By Darryl Fears
Sunday, December 20, 2009; C03
Federal housing officials said Friday that they are encouraged by the District's revised plan to account for millions of dollars in AIDS funding and to monitor the accounts of partners that deliver services to people with the disease.
Housing and Urban Development Assistant Secretary Mercedes Márquez threatened last month to withhold $12.2 million in federal funding unless the District improved how it tracks spending by AIDS programs and monitored the services they were responsible for delivering.
Márquez set Friday as a deadline for the city to prove that it could be more responsible with federal money. Final approval of the plan is pending.
Concern over the District's use of federal funds was raised after a Washington Post investigation showed that some groups contracted to provide services failed to get a business license and file tax returns. Others gave false information about employee résumés and consulting contracts, or spent lavishly on travel and executive salaries.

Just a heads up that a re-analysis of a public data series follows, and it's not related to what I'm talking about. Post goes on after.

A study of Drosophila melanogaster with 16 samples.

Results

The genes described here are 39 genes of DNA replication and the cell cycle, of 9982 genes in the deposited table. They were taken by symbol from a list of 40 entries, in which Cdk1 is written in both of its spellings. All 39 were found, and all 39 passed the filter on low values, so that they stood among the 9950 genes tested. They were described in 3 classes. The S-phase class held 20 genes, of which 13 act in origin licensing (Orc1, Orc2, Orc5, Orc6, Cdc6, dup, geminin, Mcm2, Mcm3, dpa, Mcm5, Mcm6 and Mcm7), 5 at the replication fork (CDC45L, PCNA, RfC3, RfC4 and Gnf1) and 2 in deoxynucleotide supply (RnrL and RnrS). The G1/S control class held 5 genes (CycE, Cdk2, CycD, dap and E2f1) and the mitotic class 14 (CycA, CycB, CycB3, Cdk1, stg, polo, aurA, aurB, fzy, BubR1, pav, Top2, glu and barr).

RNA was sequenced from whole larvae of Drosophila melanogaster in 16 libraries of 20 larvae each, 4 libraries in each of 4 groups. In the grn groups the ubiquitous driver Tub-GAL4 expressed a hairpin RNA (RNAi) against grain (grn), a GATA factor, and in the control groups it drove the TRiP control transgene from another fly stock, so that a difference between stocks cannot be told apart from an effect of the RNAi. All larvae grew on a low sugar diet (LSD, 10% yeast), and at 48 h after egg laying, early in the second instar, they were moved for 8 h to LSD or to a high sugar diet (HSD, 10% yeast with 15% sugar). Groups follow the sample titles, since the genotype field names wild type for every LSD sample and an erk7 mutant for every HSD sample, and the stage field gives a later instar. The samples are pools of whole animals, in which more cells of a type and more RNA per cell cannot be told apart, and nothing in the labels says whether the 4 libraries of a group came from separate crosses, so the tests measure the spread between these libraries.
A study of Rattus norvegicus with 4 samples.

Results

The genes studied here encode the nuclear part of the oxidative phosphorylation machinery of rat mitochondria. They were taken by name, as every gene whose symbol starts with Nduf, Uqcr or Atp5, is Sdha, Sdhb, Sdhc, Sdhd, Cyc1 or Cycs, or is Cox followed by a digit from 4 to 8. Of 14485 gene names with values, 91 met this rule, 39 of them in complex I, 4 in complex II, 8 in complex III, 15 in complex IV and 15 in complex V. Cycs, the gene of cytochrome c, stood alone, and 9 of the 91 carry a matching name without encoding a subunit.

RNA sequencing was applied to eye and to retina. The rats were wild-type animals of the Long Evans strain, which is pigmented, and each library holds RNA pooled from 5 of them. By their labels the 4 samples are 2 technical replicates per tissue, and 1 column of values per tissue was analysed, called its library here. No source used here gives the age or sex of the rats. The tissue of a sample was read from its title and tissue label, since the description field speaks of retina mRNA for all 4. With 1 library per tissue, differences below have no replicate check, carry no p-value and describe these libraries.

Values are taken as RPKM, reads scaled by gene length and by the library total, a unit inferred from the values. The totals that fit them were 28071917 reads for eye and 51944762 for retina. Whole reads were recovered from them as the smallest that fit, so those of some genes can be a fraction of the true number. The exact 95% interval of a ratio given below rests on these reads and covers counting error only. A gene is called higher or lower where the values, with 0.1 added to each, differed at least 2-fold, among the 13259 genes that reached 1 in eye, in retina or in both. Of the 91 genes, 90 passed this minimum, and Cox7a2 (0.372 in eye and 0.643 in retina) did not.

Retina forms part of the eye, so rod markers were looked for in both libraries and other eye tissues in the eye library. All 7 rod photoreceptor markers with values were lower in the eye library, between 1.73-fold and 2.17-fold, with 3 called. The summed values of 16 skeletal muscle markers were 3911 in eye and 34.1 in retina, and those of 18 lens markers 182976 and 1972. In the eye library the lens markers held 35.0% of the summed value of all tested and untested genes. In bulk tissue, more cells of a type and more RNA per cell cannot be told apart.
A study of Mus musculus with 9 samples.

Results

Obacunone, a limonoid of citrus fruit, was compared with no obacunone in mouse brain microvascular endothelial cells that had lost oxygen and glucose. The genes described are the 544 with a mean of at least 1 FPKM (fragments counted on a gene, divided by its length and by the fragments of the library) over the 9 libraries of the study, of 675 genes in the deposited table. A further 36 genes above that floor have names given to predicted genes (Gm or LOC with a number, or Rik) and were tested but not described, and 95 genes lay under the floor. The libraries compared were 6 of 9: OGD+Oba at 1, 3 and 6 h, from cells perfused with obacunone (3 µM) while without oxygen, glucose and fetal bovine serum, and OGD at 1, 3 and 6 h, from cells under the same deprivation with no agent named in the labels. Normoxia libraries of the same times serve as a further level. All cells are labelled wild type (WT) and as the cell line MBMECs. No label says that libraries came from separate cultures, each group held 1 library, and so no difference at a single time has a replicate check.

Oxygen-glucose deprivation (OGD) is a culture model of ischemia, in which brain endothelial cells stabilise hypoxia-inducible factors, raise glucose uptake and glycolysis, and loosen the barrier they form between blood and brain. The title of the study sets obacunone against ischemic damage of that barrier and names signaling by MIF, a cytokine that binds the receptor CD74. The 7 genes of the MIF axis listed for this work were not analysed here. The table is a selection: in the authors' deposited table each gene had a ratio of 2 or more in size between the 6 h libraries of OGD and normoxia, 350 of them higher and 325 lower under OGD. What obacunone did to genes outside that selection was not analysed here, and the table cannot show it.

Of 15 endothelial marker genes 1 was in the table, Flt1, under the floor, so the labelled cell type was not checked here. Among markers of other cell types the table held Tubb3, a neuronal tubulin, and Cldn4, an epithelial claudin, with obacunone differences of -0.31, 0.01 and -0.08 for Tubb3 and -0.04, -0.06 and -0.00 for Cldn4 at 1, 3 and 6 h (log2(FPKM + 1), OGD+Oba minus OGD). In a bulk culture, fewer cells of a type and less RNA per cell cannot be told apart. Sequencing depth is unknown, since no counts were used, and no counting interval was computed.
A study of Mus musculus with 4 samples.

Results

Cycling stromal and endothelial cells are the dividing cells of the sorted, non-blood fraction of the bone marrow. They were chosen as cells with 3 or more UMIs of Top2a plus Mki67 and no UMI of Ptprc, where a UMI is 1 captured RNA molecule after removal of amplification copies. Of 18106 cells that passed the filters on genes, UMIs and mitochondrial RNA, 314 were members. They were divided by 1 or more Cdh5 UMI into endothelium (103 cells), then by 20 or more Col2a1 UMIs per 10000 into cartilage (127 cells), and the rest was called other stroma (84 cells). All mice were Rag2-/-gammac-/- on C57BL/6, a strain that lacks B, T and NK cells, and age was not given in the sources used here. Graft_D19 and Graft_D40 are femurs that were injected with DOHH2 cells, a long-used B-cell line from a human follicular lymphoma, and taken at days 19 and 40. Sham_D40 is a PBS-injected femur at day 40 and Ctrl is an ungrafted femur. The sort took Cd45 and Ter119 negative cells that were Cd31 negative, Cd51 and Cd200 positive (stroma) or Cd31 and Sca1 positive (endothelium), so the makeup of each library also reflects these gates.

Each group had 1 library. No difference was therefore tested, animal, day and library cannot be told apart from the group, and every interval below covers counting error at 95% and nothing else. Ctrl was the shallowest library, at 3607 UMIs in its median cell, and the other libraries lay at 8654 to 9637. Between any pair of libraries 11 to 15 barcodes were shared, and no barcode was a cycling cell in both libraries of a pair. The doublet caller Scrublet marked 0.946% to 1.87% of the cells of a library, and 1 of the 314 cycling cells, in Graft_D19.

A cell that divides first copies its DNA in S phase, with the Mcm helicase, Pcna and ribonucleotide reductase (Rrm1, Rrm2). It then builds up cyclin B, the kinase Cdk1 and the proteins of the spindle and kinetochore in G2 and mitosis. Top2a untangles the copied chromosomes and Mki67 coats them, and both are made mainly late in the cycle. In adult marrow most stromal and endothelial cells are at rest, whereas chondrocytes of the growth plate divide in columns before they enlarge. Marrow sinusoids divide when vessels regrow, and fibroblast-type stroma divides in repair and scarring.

Mayor Adrian M. Fenty vowed to conduct an investigation into whether the city's service providers mishandled funds, but HUD wanted the District to revise its accounting procedures immediately.
This summer, the city failed to provide a required audit for recipients of more than a half-million dollars in federal funding. HUD officials also said the District needed to demand a timely audit from its AIDS service providers each year.
The loss of the funding would have had effect beyond the city. The District shares the $12.2 million with Arlington, Fairfax and Loudoun counties, as well as Prince George's County, which oversees services in much of Southern Maryland. The money helps fund the Housing Opportunities for Persons With AIDS program, which is crucial because the housing waiting list for indigent AIDS victims is about three years long.
Over the past month, D.C. Council member David I. Catania (I-At Large) addressed HUD's concerns point by point in weekly meetings of his health committee. He and D.C. HIV/AIDS Administration Director Shannon Hader also met with Márquez, drafted a revised plan, responded to questions from federal officials and submitted a final plan about 5:30 p.m. Thursday.
Catania said he never felt "our funding was in serious jeopardy." HUD was rightly concerned about paperwork, he said, but "we're not talking about graft or corruption or waste. We're talking about simple procedures and documentation.
"I think the officials who deal with the District felt disrespected when information they asked for wasn't delivered. We have to show a greater respect toward our funder. If this happens in the future, the official responsible will be terminated."